When John Staley first got into the timeshare business with his wife, Delaina Probus-Staley, 15 years ago, the technology being used by the specialized segment of the travel industry was decidedly less digital.
Computers were big and boxy. Screens were limited in color, pictures were often fuzzy and “mobile” was a term people used to describe flip-open cellular phones the size of a brick.
Into that void the Staleys launched Triton, a software company for hotels and resorts that helped electronically revolutionize the way hotels managed their properties. The software allowed hotel staff to both make and monitor reservations and property management issues, like when rooms were checked out of and which ones still needed to be cleaned.
A decade and a half later, they say their Sarasota-based computer software company’s product is the “standard” in more than 170 resorts worldwide.
John Staley declined to provide sales figures, but said the company is still growing into new markets.
Because the industry is still evolving, Triton is, too, Staley said.
“It’s not all about just computers anymore,” he said.
Reflecting those changes, the Staleys last year embarked on a new software project — one with a funny but unforgettable name and a furry yellow creature of a mascot that looks like it should be part of a children’s cartoon or a video game.
But Oombaga — pronounced “Ew-m-BAH-ga — as the Staleys new venture is called, is meant to be serious business for owners of individual timeshare units.
The Sarasota-based mobile application company is at its heart a software platform that runs together with Triton’s existing technology.
With Oombaga, timeshare unit owners — and not just resort managers — can download an app on their iPhone, iPad or Android device and book a room, trade their allotted weeks with others or manage their timeshare’s finances.
“We realized that Triton helped resort staff stay organized, but the resorts still had to go the extra mile to constantly feed information to timeshare owners,” John Staley said.
“This app is a way for us to manage that information for the resort, and keep the owners up to date with everything they need to know, too.”
To perfect his ideas, he reached out to his alma mater, the University of Dayton Research Institute.
“Coming from the academic arena, we know more about aero propulsion than timesharing,” said Daniel Curran, president of the institute.
“But when John, a valued alumnus of the university, shared his grand plan with us, we saw great possibilities,” Curran added. “So far, the results are very impressive.”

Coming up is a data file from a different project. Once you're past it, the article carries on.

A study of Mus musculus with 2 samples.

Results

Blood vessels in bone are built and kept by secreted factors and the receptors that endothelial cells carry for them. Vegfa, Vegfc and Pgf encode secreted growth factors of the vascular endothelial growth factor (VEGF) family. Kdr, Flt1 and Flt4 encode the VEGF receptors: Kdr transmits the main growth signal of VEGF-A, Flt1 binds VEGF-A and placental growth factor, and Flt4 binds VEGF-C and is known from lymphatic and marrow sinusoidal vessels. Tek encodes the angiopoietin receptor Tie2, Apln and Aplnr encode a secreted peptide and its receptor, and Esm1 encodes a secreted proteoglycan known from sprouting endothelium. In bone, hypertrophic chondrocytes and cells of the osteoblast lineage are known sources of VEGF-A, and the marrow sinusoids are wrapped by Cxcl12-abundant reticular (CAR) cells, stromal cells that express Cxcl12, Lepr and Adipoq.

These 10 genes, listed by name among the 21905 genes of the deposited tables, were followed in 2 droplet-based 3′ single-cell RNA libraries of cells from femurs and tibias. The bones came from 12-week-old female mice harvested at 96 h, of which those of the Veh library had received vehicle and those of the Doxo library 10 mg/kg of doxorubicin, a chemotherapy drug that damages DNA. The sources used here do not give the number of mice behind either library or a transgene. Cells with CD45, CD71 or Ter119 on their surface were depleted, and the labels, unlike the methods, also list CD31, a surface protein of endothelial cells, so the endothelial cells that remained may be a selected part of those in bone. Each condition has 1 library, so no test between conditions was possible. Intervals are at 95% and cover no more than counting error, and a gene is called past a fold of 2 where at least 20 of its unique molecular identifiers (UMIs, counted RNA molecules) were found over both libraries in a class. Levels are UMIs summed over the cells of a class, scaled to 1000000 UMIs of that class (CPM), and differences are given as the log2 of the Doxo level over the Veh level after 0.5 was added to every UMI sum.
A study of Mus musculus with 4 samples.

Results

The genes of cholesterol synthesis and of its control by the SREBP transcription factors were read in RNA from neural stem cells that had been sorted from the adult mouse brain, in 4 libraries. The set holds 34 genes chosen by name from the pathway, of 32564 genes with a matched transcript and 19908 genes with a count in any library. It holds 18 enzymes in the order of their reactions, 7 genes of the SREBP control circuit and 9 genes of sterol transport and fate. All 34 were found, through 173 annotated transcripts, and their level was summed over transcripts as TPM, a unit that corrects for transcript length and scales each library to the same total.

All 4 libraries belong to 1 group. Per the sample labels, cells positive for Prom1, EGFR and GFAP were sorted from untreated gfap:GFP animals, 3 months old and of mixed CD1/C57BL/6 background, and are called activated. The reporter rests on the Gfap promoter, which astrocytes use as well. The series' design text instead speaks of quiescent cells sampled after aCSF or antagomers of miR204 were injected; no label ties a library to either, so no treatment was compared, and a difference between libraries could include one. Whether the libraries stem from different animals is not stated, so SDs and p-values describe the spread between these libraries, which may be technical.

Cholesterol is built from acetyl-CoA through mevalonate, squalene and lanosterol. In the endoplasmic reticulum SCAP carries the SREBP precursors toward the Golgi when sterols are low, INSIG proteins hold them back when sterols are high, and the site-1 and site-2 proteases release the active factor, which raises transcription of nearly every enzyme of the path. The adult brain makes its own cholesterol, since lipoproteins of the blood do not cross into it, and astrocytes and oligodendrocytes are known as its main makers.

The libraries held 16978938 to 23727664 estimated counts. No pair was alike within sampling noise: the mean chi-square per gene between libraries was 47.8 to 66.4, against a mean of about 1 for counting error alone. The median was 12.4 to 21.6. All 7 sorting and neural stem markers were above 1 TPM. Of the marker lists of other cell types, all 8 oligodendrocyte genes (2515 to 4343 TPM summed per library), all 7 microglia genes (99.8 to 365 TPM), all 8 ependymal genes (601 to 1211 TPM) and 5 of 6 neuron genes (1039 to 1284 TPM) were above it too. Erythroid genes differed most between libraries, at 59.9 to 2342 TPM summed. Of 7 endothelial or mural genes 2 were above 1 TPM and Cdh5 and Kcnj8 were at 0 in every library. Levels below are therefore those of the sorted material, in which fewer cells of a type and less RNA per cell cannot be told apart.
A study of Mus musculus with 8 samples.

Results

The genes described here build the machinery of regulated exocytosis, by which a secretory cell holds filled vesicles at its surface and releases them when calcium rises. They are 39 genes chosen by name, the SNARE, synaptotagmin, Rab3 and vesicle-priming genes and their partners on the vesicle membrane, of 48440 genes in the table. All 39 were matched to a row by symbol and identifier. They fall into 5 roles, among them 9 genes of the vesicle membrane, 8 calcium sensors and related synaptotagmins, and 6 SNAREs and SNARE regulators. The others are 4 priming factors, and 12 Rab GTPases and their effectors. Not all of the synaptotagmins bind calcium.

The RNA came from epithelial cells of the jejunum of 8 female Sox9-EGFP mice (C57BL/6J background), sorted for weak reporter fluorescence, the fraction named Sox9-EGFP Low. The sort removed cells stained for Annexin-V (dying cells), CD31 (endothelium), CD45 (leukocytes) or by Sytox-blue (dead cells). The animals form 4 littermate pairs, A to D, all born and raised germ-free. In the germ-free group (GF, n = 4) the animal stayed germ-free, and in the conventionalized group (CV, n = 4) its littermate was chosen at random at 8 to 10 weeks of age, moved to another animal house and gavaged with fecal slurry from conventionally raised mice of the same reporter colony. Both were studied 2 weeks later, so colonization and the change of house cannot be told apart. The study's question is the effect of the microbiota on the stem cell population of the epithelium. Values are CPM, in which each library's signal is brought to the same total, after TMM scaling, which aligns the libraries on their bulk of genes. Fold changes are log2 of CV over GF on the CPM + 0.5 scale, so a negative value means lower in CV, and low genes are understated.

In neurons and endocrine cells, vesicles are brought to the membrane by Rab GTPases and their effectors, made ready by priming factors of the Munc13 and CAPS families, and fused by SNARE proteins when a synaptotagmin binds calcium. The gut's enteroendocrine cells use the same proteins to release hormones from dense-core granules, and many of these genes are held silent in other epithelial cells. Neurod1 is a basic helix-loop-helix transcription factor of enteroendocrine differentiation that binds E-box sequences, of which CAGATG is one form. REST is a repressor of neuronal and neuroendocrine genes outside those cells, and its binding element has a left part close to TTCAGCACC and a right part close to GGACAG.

The software officially debuted late last year during the industry’s largest conference event of the year — the American Resort Development Association’s World Annual Convention, held in Las Vegas.
Oombaga is used in 42 resort mobile apps today, but is expected to reach over 2,000 hotels in two years, Staley said.
Dale Goodman, president of GOODMANagement, which runs 20 resorts along the East Coast from its base in Newport News, Va., first met the Staleys, he said he was impressed by and drawn to John Staley.
“We met through events in the industry, and he’s quite a fellow. Hard to miss,” he said.
While Goodman missed out on Oombaga’s launch party in Vegas — an event attended by two-time Heisman Trophy winner and former Cincinnati Bengal Archie Griffin and other celebrities — he’s attended several Oombaga- or Triton-hosted events at industry meetings.
The events included an elaborate Super Bowl party that Oombaga sponsored at an industry conference earlier this year. The Staleys bought drinks for everyone who voted for Oombaga in six out of 25 annual timeshare GNext award categories.
Goodman first worked with Staley during the development of Triton, which he uses for day-to-day operations at all of his timeshare and condominium resort properties. More recently, he has signed on for Oombaga services, too.
“We always say that if a maid goes into a unit, we can manage it. The same is true for the Oombaga software,” Goodman said.
“There’s no one else doing anything like Oombaga on the market right now,” he added. “They’ve created a competitive advantage for the entire industry.”
Staley, who has run his businesses out of Sarasota for the past 15 years, considered moving the company’s headquarters to Orlando — the hub of the timeshare business — but ultimately decided against it.
“We’re comfortable here in Sarasota,” he said. “Orlando is the place to be, but we’re not far and we bring more attraction to the Sarasota area.”
Oombaga will garner even greater exposure next year, when GNext, a global timeshare industry conference, comes to the Ritz Carlton-Sarasota in February 2014.
Staley’s company is a major sponsor of GNext, which will bring around 250 of the top senior executives from 110 different hotel brands, such as Hyatt, Disney and Wyndham, here for a week.
“They’re all coming to our house this time,” said Staley, who added that the conference will be held in Europe for the next several years.
Events will take place across Sarasota area destinations, including the Ringling museum and Siesta Key Beach.
“To have it in our own backyard is going to be memorable,” he said. “All of these executives get to see Sarasota as a destination firsthand.”